The Do-Over

Not half-bad.
Movie Review #1,083


Distributed by Netflix. Action, Adventure, Comedy. Running time: 1 hour, 48 minutes. Not rated by the MPAA. Released May 27, 2016. Directed by Steven Brill. Produced by Allen Covert, Kevin Grady, Adam Sandler, and Ted Sarandos. Written by Kevin Barnett and Chris Pappas. Starring Adam Sandler, David Spade, Paula Patton, Kathryn Hahn, Nick Swardson, Matt Walsh, Renée Taylor, Sean Astin, Natasha Leggero, Luis Guzmán, Catherine Bell, Jackie Sandler, and Michael Chiklis.

Charlie (David Spade) is a bored fortysomething with an unhappy marriage and a gloomy job managing a bank at a supermarket. At a high school reunion, he runs into Max (Adam Sandler), an old friend from high school who is now working as an FBI agent. They decide to spend the weekend on Max’s yacht for old time’s sakes. This quickly becomes the best weekend Charlie has had in a while. That is, until Max decides to blow up the yacht and fake both of their deaths. Along with the revelations that he is actually a coroner and not an FBI agent, and that he used two unclaimed cadavers to help in faking their deaths, Max tells Charlie that they are now going to start their lives from scratch with new identities. Charlie, however, isn’t so fond of this idea.

That plot is stupid even for an Adam Sandler movie. It worsens at the climax, when it suddenly turns into a sappy Lifetime movie. But “The Do-Over” is a comedy, and therefore the main thing we’re concerned about here is the humor, which, to my surprise, isn’t half-bad. Like any recent Sandler movie, the script avoids any sense of natural dialogue, for the asking of injecting it with cheap, in-your-face jokes. But unlike any other recent Sandler movie, the humor doesn’t really grow obnoxious here.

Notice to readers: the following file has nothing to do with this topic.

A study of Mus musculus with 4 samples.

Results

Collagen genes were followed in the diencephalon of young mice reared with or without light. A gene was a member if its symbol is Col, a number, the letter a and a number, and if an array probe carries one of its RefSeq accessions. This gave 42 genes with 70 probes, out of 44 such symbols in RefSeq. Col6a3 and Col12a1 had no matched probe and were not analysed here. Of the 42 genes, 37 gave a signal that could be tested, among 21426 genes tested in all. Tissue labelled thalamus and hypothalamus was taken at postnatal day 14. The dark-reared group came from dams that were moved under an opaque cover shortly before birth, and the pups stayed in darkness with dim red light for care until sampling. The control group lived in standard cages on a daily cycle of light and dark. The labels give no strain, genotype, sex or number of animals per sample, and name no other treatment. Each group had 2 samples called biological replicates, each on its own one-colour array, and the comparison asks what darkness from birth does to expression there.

It would certainly take a masterpiece to redeem Mr. Sandler for every “Jack and Jill”, every “Grown Ups 2”, and every “Ridiculous 6” he has terrorized us with over the last half a decade, and will no doubt continue to make us suffer with in coming years. “The Do-Over” is no masterpiece. Its story is all sorts of screwed-up, it suffers from mediocre acting, and its pacing is god-awful. But it’s certainly a hell of a lot better than it could’ve been. I wasn’t expecting to enjoy it, but hey, it made me laugh a good bit.